Former D.C. mayor and current City Council member Vincent Gray (D-Ward 7) drew applause from members of the Gertrude Stein Democratic Club on Sept. 11, when he said he has not ruled out a run for mayor next year.
Gray, who attended the Stein Club’s regularly scheduled meeting at the D.C. Center for the LGBT Community, hinted at a possible mayoral race in response to a question by club member Matt Abbruzzese, who asked him, “Are you going to run for mayor?”
“Do you want me to make an announcement?” Gray replied, drawing laughter and applause from some club members.
“I haven’t ruled it out,” he said. “Let’s put it that way.”
Gray then mentioned how he was “hugely upset and disappointed” over the controversial news conference called by then-D.C. U.S. Attorney Ronald Machen one week before early voting began for the city’s 2014 Democratic primary for mayor. In his news conference Machen implied that he had evidence that Gray may have engaged in illegal fundraising in his 2010 mayoral election campaign.
No such evidence was presented and the U.S. Attorney’s office later dropped its investigation into alleged campaign finance violations in Gray’s 2010 campaign on grounds that insufficient evidence existed that such violations occurred.
Gray reiterated to Stein Club members on Monday night his previously stated belief that Machen’s 11th hour news conference reversed Gray’s lead in the polls and helped then-Council member Muriel Bowser beat Gray in the primary to become mayor.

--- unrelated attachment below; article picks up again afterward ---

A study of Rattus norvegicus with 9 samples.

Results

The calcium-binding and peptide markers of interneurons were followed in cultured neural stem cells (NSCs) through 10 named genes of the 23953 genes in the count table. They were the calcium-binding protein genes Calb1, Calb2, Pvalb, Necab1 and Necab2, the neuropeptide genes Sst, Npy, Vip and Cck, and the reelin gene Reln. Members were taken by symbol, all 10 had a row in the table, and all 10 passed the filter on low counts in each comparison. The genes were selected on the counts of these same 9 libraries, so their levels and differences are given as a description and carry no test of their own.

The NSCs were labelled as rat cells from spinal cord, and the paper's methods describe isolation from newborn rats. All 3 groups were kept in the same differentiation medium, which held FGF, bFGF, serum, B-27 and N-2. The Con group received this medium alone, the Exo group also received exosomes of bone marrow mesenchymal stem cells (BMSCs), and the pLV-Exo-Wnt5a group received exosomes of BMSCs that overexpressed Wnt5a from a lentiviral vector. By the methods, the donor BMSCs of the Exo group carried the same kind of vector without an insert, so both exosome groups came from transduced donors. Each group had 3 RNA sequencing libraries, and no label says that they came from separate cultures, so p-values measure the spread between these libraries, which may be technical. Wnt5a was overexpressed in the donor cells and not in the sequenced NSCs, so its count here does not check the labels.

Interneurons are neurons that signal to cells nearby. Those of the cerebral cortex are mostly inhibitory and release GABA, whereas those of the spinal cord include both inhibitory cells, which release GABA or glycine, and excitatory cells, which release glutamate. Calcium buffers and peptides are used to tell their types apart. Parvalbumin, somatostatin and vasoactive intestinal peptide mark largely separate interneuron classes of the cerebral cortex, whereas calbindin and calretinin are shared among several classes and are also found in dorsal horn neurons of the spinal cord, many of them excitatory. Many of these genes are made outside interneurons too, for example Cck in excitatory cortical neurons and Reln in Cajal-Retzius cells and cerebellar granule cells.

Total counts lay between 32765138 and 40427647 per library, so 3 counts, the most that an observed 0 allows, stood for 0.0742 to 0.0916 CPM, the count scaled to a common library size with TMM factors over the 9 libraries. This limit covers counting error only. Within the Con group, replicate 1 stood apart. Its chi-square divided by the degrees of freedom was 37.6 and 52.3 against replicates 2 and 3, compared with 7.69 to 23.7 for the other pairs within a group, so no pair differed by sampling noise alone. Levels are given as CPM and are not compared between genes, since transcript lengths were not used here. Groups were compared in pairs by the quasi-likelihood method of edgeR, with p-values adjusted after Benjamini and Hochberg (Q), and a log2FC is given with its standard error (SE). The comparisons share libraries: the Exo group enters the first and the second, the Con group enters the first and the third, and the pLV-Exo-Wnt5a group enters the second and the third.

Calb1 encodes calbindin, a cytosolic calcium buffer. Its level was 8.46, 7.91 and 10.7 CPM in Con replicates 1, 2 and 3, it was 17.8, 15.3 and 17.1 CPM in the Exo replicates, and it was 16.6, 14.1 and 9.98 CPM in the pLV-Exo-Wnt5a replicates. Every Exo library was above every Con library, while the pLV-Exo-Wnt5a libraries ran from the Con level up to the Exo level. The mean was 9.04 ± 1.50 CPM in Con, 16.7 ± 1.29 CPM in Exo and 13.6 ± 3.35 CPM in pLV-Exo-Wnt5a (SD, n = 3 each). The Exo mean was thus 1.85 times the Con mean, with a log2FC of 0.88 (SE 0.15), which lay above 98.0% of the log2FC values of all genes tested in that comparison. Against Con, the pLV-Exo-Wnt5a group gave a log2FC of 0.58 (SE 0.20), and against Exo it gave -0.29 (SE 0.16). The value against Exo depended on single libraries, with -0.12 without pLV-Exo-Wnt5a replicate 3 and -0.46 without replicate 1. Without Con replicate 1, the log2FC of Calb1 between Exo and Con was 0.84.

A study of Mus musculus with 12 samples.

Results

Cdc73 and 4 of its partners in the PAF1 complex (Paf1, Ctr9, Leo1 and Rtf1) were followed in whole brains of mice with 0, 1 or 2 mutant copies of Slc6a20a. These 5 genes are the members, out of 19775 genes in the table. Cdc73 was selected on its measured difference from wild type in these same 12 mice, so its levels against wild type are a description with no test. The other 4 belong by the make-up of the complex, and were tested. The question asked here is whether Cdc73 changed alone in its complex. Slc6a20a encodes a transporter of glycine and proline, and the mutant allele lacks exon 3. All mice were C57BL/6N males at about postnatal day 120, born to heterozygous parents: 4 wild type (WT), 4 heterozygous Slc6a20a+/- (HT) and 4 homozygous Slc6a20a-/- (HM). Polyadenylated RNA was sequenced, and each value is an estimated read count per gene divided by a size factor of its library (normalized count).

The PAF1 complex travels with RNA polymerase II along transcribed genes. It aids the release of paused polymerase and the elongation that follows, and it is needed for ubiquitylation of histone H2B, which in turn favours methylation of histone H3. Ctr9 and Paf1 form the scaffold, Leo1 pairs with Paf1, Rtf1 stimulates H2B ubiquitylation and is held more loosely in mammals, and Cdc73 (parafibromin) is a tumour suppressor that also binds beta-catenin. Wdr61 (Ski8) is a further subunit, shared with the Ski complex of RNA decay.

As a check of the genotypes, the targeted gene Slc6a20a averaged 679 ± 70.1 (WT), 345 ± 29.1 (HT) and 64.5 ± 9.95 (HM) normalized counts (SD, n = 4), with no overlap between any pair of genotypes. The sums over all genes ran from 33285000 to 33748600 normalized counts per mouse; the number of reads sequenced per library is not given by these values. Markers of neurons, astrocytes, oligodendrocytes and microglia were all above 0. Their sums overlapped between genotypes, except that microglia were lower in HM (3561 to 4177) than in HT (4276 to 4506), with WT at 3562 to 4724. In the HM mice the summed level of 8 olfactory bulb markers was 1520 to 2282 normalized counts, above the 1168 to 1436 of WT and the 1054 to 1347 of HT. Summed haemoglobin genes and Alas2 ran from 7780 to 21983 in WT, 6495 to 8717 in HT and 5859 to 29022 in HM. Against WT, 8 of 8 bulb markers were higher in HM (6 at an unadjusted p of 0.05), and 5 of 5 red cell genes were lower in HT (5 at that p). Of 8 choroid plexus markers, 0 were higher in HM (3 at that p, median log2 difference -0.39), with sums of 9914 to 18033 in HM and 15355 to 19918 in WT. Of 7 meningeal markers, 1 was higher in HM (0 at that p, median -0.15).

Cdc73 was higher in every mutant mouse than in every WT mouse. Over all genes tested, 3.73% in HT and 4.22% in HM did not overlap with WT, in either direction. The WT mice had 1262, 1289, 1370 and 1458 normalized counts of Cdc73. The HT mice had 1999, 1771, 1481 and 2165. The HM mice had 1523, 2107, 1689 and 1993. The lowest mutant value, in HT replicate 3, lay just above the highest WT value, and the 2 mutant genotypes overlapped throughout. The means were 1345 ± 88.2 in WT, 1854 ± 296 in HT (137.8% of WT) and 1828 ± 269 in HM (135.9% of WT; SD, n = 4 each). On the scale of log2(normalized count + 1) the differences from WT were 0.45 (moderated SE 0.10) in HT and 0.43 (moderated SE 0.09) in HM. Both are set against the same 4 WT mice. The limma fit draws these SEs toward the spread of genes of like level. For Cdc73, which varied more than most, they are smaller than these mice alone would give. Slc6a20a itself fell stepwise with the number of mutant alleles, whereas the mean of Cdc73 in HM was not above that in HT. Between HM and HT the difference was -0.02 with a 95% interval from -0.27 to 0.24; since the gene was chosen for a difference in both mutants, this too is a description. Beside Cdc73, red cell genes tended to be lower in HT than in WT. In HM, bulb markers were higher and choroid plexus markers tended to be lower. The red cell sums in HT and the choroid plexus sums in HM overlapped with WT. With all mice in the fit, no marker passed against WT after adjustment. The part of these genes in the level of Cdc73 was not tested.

“If you go back and look at the polls that were conducted during that time, every poll that was conducted one week before early voting started – we were up anywhere between 6 to 13 points,” Gray said. “And it was in my opinion an insurmountable lead,” said Gray. “What he did was he was trying to suppress the vote and he was successful in doing that,” Gray said in referring to Machen’s news conference.
Gray’s comment at the Stein Club meeting that he isn’t ruling out a run for mayor came a little over a week after D.C. Attorney General Karl Racine announced he will not run for mayor next year, a development believed to have boosted Bowser’s prospects for wining a second term as mayor.
A mayoral run by Gray next year could present a dilemma for the Stein Club. Gray received the club’s endorsement when he first ran for mayor in 2010. He finished ahead of his rivals, including Bowser, in the club’s 2014 endorsement vote but fell four votes short of obtaining the 60 percent threshold needed to win the club’s endorsement in the primary.
But similar to Gray, Bowser has emerged as a strong supporter of LGBT rights and LGBT-related issues since becoming mayor. She has outpaced Gray in appointments of a large number of LGBT people to high-level positions in her administration, building significant support within the LGBT community.
A race between Gray and Bowser for mayor next year would force Stein Club members and many LGBT voters to choose between two candidates considered strong friends of the LGBT community.